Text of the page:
Wednesday, September 30, 2015

Bruckner Symphonies 6 and 9: Simone Young with the Philharmoniker Hamburg

Anton Bruckner, Symphony No. 5
Anton Bruckner, Symphony No. 9

Philharmoniker Hamburg
Simone Young, conductor

Oehms Classics OC 689 (SACD)
Oehms Classics OC 693 (SACD)

Here are the last two recordings in Simone Young’s Bruckner cycle with the Philharmoniker Hamburg.  The signature theme of Young’s cycle is using original versions, rather than Bruckner’s later revisions. She did a fine job showcasing the original version of the Eighth – see here for my review. Since the Fifth and Ninth each really only has a single recognized performing version, there are no polemical battles to fight, and it is not surprising, given Young’s predilection for original versions that she eschews any of the completions of the Ninth. However, the flip side of the coin is that with both of these symphonies Young and the Philharmoniker Hamburg have to tackle a wide range of competitors head on and somehow find a way to stand out in a very crowded field. 

By way of comparison I listened to the Fifth and the Ninth in Stanislaw Skowaczewski’s well-regarded cycle with the Saarbrucken Radio Symphony. This was not a completely arbitrary choice. The Skrowaczewski cycle was reissued this year by Oehms Classics, who also brought us the Young cycle. And, like the Philharmonike Hamburg, the Saarbrucken Radio Symphony is not one of Germany’s most celebrated orchestras, so the comparison is not unfairly loading the bases against Young.

The comparison with Skrowaczewski revealed the principal weakness in these two performances – which is really one of articulation. By “articulation” I mean the ability to bring out the large-scale structure of the individual movements within these two highly complex symphonies. Young’s preference for expansive tempi lets her down, particularly in the opening movement of the Fifth – the Introduction sets things up nicely, but then the pace is too slow to allow the musical narrative to emerge as clearly as it does in Skrowaczewski’s performance, which has a much clearer sense of progression. In the opening movement of the Ninth, Young emphasizes the “flow” of the music, as opposed to bringing out the musical punctuation – again in contrast to Skrowaczewski, who offers a much clearer sense of the steps on a long musical journey.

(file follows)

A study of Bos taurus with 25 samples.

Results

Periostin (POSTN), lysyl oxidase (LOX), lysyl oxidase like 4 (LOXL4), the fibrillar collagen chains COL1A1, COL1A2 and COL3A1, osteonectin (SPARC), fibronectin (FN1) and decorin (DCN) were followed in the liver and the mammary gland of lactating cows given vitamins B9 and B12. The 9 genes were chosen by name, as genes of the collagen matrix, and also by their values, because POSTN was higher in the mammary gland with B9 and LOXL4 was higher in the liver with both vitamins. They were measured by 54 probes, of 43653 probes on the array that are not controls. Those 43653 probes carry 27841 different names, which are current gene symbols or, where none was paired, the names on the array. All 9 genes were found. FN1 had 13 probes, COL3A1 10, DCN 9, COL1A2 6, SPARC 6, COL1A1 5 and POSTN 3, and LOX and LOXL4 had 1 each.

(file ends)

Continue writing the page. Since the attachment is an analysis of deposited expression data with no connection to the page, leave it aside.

Young is at her best in those sections where the musical structure is much more clearly imposed by the composer – in, for example, the final section of the opening movement of the Fifth, the fugal passages from the finale of the Fifth, and the two scherzos. But she is less successful when it comes to embedding these sections in a broader context (and, in the case of the two scherzos, in making the contrast with the trios as effective as it can be). She is also more at home in the lyrical passages from the slow movements, where she can coax a rich and satisfying sound from the Hamburg strings.

So, these are definitely not the high points of Young’s cycle. Being able to make a powerful case for lesser known and relatively infrequently recorded original versions doesn’t necessarily carry over to being competitive with versions where we have literally hundreds of recordings to choose from. On the plus side, however, the SACD sound is extremely good and both discs offer a choice between stereo and multichannel audio.